Okay, I’m just gonna have to go all Doctor on you now – health care reform

I posted this article about three years ago in the heat of the health care reform debate. I thought that I would post it again. On the Last Word, they talked about how we got here.

This is what I wrote a couple of years ago (psst… we need a single-payer system):

I’ve talked about health care reform over and over again (I don’t see how Joan does it every day without going insane). I’ve talked about healthcare from an emotional standpoint and from an American legislative standpoint. I’ve talked about all the benefits of health care reform. Well, I’d like to take a different tactic. I would like to review the medical literature. I’ve picked several studies which I will describe over the next several days. The one thing that all of these studies have in common is that they point out that health insurance is a predictor of outcome. On Wednesday or Thursday, I’m going to review an article from the Journal of the American Medical Association which clearly states that having a unified health program has survival benefits. (We don’t have a coordinated, organized healthcare system in the United States.)

As a trauma surgeon, I don’t like to talk “shop” with people who are not in the medical profession. As soon as you start mentioning cytokines and mitochondria DNA, most people’s eyes glaze over. But, with watered-down legislation creeping through the Senate at a glacial pace, I thought it was important for me to go over some of this literature. The literature makes approximately the same point that Keith Olbermann made about a month go when he talked about having health insurance being life-and-death.

In trauma, we, trauma folks, would like to think that we treat patients all the same. Many states have trauma systems in which an injured patient, is shunted away from small hospitals that probably cannot help that patient and toward trauma centers who have the expertise and the manpower to help. This move has been shown to save lives. Most, if not all, trauma centers have protocols which are then individualized for a particular patient. We have found through numerous studies that these protocols help save lives. Therefore, you would figure that the outcome for a patient who was seriously injured in a car crash would be directly related to his or her injuries. This is true, for the most part. A recent study, however, has thrown a wrench in this.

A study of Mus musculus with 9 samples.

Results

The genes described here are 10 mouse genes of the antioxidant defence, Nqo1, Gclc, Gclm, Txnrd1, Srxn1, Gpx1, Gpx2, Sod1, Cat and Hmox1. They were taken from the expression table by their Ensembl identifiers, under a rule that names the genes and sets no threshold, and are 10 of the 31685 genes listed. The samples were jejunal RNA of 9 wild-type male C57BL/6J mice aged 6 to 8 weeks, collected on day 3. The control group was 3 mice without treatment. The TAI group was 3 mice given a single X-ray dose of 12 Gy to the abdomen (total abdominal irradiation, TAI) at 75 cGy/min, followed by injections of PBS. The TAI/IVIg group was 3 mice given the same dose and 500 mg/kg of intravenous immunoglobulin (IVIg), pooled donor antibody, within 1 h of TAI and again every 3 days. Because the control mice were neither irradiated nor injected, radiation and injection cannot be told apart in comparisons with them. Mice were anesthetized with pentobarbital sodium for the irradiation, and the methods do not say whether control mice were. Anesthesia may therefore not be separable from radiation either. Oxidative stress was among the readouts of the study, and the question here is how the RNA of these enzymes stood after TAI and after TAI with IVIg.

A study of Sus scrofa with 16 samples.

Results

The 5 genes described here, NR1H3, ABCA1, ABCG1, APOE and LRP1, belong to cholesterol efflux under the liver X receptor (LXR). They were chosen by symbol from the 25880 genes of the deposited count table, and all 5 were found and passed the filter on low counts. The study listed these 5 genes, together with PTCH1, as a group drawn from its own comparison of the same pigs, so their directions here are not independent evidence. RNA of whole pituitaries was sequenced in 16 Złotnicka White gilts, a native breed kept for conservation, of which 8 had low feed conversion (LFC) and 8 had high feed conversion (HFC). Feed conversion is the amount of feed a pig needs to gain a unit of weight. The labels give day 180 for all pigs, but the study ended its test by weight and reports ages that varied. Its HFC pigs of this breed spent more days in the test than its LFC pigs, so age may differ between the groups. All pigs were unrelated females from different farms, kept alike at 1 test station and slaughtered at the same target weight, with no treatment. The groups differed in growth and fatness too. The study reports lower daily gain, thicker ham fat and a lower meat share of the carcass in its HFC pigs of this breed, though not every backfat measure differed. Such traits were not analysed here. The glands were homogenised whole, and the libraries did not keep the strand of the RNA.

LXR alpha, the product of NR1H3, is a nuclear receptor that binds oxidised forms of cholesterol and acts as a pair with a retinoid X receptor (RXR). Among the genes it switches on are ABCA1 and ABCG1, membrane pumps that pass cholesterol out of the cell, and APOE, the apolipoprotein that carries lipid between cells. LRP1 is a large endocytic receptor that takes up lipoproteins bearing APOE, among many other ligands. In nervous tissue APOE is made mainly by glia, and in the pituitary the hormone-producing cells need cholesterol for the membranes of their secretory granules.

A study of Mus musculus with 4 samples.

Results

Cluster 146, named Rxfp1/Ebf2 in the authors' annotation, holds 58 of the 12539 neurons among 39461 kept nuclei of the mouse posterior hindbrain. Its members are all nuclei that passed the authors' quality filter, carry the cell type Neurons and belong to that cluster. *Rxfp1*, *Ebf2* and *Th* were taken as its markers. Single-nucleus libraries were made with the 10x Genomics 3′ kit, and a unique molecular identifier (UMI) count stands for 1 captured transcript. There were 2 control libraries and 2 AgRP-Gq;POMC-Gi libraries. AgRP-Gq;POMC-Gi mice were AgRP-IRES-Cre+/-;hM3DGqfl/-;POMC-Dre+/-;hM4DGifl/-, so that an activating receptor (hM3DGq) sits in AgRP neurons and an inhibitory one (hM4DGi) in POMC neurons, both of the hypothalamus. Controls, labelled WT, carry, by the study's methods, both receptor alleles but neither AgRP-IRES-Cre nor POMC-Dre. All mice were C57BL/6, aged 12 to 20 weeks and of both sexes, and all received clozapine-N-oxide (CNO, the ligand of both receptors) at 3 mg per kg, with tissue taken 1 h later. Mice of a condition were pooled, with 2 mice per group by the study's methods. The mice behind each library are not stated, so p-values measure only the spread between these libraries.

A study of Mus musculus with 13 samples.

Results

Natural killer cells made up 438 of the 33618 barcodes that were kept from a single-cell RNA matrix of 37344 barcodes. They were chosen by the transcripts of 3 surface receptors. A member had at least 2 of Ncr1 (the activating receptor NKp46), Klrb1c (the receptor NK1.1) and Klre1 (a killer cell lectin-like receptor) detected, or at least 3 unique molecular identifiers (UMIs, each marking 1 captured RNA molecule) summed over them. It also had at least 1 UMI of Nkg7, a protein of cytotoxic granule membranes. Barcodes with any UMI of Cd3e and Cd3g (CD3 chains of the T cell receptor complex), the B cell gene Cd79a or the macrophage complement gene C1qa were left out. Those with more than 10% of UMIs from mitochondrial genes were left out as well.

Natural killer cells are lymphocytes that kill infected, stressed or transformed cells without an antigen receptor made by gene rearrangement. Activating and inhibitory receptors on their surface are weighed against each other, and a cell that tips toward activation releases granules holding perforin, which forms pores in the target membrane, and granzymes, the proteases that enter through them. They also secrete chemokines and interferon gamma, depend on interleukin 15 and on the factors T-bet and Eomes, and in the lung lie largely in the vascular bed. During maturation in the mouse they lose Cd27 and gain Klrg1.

A study, published in The Archives of Surgery in 2008, investigated over 400,000 patients who had been entered into the National Trauma Databank. One thing that we have known for years is that socioeconomic status does influence your outcome. As expected, mortality rates for Black and Hispanic patients were higher than those of White patients. Patients with insurance had a mortality rate of approximately half of those without insurance. Now, for the shocker — both Blacks and Hispanics with insurance who were injured had a mortality rate less than Whites without insurance.

This was a very surprising result. Numerous studies in trauma patients over the years have shown differences in outcomes among the races. As more and more studies have been done, it is clear that race is a surrogate for multiple other factors, including eating habits, living conditions and other things that can affect outcome. It is also clear that insurance acts as a surrogate for those same kind of factors. People with insurance have jobs. People with jobs drink less than people without jobs. People with jobs tend to live in better conditions than people without jobs. What was surprising is how strong insurance is as an indicator of lifestyle.

So, if every American had health care coverage, would they all have better outcomes from trauma? Well, this question is somewhat hard to answer. On one hand, just having insurance does not get you to live in a better house, in a better neighborhood with better indoor plumbing and a refrigerator that works all the time. On the other hand, one of the huge problems that we have in the trauma community is that we have to send many people home from the hospital after their hospital stay is officially over, when they should go to a rehabilitation center for more therapy. So many cannot qualify because they don’t have insurance. These patients would instantly do better. Getting adequate health care coverage to all Americans is a step towards better equality.

I would like all members of Congress to read this article. This is important. This is what we’re fighting for. We’re fighting for a more equitable society. I’m not trying to take away any healthcare from anybody; instead, I want to add healthcare to those who don’t have it.

Tomorrow, I’m going to review an article called Health Insurance and Mortality in United States adults. This article expands on the concept that insurance is a marker for outcome.